Parrot Weights

Photo by Jamieleigh Location: Orlando, FL Weighing in: Goffins Cockatoo "Theo"

There are different weights you can get on your parrot that are all important. Some owners only go for one weight, which is normally an "empty" weight right before the bird is fed. 

I like to know all the weights I can. Here are the weights we chart:

  • Full weight (after eating)
  • AM/empty weight (before eating)
  • Average weight (free feeding, usually on pellets, all day and taken in the middle of the day)

I like to know my bird's full weight because it tells me how much it's eating. That way I know how much food it will consume for a training session. And I also know how much to feed without unnecessary mess or waste.

Usually my cockatoo Bandit will weigh around 305 grams in the morning and consume around 15 grams of food for training until he's up to 320-325 grams which is his normally full weight.

However, my birds also have "stuffed full weights" which are always different based on what they have stuffed themselves on. 320-325 grams is a full weight for Bandit, but if he eats mostly carbs like rice, pastas or things he loves like nuts and seeds... then his weight goes up even more because he will stuff himself to the brink! I know I think there's room in my stomach for a sundae but not that broccoli... birds can be the same. They WILL make room for the stuff they love even if they're already full.

This is why I like the average weight. I like to know how much they weigh when they are able to fill themselves up whenever they want. And they don't ever get to that "over stuffed" weight when free feeding, it's only when they get something real heavy in food or something they don't usually get (like nuts and seeds, since those are normally ONLY for training and training may not happen every single day).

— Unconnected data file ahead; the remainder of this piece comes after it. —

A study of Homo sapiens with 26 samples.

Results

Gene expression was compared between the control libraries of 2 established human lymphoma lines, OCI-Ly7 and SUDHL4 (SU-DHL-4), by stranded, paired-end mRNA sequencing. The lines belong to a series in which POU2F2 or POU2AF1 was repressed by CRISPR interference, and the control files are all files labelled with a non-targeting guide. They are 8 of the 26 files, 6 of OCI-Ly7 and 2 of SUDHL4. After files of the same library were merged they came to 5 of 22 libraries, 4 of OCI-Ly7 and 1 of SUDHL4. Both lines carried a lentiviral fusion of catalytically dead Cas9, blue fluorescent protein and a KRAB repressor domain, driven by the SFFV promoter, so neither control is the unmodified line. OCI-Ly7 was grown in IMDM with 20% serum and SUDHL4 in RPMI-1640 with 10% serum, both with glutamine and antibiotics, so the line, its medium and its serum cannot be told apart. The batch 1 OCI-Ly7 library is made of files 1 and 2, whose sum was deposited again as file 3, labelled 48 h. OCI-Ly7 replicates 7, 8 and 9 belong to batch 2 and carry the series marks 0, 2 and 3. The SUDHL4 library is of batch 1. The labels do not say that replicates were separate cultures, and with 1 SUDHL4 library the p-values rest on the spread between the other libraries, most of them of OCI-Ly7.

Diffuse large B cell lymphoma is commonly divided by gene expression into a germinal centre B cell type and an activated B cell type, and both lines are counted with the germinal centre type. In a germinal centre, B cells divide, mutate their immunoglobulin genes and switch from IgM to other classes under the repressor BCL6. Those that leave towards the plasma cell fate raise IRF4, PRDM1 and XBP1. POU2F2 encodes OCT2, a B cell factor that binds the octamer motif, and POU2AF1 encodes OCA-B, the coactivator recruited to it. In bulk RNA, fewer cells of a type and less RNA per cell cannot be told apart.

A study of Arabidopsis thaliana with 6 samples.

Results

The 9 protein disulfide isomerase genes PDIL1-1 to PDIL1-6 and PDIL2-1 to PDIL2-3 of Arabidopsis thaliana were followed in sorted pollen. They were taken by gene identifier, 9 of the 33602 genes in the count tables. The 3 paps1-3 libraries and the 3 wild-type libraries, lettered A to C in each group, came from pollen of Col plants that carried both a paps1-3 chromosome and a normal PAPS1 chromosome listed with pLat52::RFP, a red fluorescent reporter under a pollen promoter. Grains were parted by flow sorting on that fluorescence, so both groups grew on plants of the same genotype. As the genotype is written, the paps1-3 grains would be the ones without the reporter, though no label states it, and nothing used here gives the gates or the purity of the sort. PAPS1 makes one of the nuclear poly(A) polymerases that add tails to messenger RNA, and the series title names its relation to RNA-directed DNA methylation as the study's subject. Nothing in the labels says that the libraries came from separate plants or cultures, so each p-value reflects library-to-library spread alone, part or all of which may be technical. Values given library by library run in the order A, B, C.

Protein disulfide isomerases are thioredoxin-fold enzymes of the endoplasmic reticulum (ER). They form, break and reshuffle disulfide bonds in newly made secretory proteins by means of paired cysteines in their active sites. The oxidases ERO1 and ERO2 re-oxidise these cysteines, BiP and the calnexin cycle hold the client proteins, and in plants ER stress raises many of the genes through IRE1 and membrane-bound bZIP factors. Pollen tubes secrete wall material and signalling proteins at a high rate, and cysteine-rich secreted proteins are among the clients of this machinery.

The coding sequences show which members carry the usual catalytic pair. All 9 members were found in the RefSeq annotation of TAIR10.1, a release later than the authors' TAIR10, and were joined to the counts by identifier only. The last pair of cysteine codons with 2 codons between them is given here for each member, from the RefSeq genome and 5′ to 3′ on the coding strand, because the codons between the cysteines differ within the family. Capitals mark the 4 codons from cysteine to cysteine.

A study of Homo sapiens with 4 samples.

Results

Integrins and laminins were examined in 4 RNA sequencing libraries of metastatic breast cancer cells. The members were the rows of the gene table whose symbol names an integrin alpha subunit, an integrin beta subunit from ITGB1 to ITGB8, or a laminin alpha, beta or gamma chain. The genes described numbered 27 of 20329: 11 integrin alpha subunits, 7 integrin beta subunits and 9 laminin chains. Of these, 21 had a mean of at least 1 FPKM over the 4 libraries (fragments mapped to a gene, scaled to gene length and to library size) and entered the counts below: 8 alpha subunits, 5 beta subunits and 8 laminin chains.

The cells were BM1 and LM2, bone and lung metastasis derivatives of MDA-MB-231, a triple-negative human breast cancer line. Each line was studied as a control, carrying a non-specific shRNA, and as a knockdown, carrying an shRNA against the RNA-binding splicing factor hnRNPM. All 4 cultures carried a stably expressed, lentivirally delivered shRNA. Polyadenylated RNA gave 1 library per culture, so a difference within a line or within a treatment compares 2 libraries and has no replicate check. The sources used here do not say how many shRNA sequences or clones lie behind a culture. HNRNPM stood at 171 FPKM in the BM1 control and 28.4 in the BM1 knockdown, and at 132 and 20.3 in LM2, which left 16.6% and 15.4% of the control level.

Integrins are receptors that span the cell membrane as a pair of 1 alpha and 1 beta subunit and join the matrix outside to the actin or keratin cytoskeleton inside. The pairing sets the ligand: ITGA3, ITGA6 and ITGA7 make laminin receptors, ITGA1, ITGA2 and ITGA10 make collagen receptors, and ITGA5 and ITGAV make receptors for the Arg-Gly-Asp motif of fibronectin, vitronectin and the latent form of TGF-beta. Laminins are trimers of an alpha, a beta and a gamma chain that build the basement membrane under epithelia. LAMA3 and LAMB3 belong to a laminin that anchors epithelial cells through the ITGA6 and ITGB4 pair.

Over stuffed weights are not anything I go by because they are SO off. I had a parakeet that was only 6 months old who came home from the pet shop and flew around all day. He didn't like people yet so he stayed far, far away and flew where we couldn't get to him. So we waited. And by the end of the day he finally came to our others who were perched on us eating a piece of spray millet. When he joined he ate so much he weighed 40 grams! His crop was BULGING and he only ate so much because he hadn't eaten all day and had been flying around refusing to come down. So when he did eat, he ate like a mad man. However, 40 grams isn't his "full weight" because when I let him free feed on pellets and veggies he was only around 32 grams and never got himself up to 40 grams again.

I remember watching him all day the next day and he hardly touched his food because he had to wait for all the previous food to digest first. His crop was bulging for a long time!

That is why it's so important not to let your birds splurge on unhealthy foods. However, it's good to know that it will fill them up more than usual so you can use those unhealthy foods to put weight on an underweight bird if necessary and in an emergency (ie: metal toxicity)

Article by Jamieleigh Womach. She has been working with parrots and toucans since the age of 17. She isn’t homeless but is home less than she prefers to be. She travels the world with her husband, daughter, and a flockful of parrots whom she shares the stage with.